What Do Compliance Officers Do?
Compliance officers are responsible for examining, investigating, and evaluating eligibility for regulations and laws governing contract compliance of permits and licenses. They also handle enforcement inspection and analysis activities. There are several occupations that fall under this category:•Coroners•Environmental Compliance Inspectors•Equal Opportunity Representatives and Officers•Government Property Inspectors and Investigators•Licensing Examiners and Inspectors•Regulatory Affairs SpecialistsIn general, these workers need to be able to get information, document and record it, and then be able to communicate with people outside their own organizations and with the general public. They will also need to analyze the data or information they receive and be able to identify it so that it can be categorized and studied.The annual growth rate is projected to be at 5% for these positions around the country between 2012 and 2022. This results in around 5,530 job openings every year.
Compliance Officers Skills and Abilities
Compliance officers should have excellent communication skills in all areas such as reading, writing, and speaking. They need to be active listeners and have strong critical thinking skills because of the problems they will have to solve in their work. They will also have to be skilled in social perceptiveness so that they understand how and why people react in the way that they do. Making good judgments and decisions is also important so that the officers can choose the most appropriate actions for various situations.
Compliance Officers Duties
Compliance officers need to be able to get information from relevant sources and be able to identify objects, events, and actions as needed, noting any changes, similarities, or differences. They will also need to document and record information in either written or electronic form. The information they receive often requires evaluation and analysis so that they can determine whether processes or events are in compliance with laws, standards, and regulations. They often need to communicate their findings to others, whether internally to supervisors, peers, and subordinates, externally to outside organizations and interested parties, such as clients, or most broadly, to the public at large.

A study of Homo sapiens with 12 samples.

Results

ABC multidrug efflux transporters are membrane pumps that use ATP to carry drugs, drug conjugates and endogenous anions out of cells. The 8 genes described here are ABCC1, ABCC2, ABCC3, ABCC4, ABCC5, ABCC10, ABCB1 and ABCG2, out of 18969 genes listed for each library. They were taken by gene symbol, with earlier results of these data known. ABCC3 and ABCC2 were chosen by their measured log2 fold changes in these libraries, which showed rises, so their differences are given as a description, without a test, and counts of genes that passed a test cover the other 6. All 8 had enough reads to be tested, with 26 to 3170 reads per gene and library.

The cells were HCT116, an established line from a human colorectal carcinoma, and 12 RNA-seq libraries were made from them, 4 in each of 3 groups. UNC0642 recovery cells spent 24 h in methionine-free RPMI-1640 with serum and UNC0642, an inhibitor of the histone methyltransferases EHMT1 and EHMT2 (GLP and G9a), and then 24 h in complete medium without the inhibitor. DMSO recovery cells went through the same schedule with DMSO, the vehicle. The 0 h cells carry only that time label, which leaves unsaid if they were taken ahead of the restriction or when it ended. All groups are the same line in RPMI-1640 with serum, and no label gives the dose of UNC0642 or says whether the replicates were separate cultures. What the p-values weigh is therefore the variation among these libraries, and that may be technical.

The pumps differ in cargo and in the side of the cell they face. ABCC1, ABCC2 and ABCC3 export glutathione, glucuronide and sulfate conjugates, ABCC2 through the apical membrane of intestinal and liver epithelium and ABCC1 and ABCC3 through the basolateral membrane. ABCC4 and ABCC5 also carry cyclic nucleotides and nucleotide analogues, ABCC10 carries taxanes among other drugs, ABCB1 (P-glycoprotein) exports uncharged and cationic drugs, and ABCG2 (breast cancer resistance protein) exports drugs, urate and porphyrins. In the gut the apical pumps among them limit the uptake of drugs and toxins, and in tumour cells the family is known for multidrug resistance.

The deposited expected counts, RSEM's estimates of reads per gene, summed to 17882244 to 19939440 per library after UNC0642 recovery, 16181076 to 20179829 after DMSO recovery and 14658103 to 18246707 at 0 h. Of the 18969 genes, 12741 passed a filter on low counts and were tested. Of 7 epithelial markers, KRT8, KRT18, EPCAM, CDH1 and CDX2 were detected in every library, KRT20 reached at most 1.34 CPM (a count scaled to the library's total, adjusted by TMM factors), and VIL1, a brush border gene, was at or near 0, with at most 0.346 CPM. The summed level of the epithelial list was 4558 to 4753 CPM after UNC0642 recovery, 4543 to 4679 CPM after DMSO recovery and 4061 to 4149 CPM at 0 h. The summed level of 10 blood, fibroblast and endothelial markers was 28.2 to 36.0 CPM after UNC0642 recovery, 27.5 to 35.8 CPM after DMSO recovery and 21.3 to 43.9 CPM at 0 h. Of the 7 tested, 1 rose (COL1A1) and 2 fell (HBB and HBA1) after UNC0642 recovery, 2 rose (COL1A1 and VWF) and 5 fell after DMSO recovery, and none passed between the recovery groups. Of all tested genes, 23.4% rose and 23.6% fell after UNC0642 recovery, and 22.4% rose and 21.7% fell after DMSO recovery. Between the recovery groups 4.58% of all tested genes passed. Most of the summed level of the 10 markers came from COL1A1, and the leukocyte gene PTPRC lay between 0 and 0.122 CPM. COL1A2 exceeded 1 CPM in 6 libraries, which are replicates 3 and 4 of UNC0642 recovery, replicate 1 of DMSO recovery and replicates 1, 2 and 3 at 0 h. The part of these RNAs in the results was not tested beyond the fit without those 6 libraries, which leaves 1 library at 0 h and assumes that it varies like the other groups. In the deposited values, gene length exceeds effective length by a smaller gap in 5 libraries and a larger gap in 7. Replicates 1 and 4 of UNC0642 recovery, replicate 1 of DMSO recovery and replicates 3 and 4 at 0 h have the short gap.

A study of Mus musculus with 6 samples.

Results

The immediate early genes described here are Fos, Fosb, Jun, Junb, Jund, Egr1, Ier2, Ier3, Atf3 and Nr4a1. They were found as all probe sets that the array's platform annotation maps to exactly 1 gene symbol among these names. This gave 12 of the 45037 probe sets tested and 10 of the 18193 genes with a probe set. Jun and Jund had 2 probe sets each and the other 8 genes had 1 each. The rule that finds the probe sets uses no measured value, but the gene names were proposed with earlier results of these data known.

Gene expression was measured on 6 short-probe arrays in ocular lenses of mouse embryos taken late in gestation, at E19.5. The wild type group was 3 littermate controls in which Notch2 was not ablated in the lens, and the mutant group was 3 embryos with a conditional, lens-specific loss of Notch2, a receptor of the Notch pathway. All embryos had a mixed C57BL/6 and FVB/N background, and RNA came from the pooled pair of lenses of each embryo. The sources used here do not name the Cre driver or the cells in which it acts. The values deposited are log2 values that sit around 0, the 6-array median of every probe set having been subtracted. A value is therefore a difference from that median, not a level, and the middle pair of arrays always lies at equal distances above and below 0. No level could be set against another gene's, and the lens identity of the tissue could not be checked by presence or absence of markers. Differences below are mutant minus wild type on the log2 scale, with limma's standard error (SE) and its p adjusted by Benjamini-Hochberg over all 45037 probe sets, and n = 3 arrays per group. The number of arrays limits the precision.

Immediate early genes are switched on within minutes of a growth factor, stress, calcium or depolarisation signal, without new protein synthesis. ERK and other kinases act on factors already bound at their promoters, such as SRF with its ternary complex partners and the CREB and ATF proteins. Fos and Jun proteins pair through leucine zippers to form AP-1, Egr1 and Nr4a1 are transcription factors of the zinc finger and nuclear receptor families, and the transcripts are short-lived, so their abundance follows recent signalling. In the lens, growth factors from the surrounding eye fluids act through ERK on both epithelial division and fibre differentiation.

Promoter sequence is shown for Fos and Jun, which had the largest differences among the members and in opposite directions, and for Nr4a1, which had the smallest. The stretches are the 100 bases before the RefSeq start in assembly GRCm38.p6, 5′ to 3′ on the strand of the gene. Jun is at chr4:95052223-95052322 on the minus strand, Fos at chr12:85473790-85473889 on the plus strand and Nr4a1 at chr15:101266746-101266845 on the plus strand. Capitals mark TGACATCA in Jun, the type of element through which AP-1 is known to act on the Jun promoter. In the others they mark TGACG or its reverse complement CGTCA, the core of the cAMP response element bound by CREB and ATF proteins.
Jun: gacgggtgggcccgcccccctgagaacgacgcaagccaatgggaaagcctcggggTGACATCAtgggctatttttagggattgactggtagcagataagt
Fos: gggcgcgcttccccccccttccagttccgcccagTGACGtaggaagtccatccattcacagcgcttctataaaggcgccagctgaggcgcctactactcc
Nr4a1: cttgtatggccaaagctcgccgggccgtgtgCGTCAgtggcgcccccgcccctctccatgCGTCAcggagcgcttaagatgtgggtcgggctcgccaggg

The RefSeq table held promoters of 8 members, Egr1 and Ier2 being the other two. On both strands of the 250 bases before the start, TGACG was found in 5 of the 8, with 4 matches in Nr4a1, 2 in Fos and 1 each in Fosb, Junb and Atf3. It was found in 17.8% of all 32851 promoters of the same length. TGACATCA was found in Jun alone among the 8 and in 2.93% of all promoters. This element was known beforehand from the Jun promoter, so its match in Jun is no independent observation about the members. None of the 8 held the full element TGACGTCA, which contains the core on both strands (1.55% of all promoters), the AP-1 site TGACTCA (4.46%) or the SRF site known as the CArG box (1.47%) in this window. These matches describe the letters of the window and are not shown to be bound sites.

Compliance Officers Tools and Technology
People in this work should be able to use desktop, notebook, or personal computers, a calculator, copy machines, and fax machines. Specialized compliance officers will need to know how to use the tools of their trade. For example, licensing examiners and inspectors should know how to use bar code readers, biometric identification equipment, and eye charts or vision cards. Coroners should be familiar with the tools to handle autopsies, such as forceps, hanging scales, knives, blades, saws, and scissors. Compliance officers should also be familiar with the software to do their jobs, which include analytical, scientific, graphics, photo imaging, word processing, spreadsheet, document management, and inventory management. The ability to query a database is also important.
Education and Training for Compliance Officers
Most people who are compliance officers have at least a Bachelor’s degree. There is usually no work experience available for an entry-level position but typical on-the-job training may be moderately provided. Most employees should have relevant coursework for their specialization. For instance, coroners should have studied medicine and dentistry because they are dealing with human bodies.
Compliance Officers Salary
Pay varies, depending upon the nature of the occupation. The lowest 10% make around $37,000 per year while the median annual salary is $65,000. The top 10% of compliance officers earn around $101,300 each year.
Compliance Officers Jobs by Geography
Utah, Colorado, and Texas have the highest concentration of compliance officers, by population. However, the states that have the highest median wages for these jobs are District of Columbia, Massachusetts, and New Jersey. Local, state, and federal governments have the highest demand for these jobs. Study these aspects to decide where you should start your career as a compliance officer.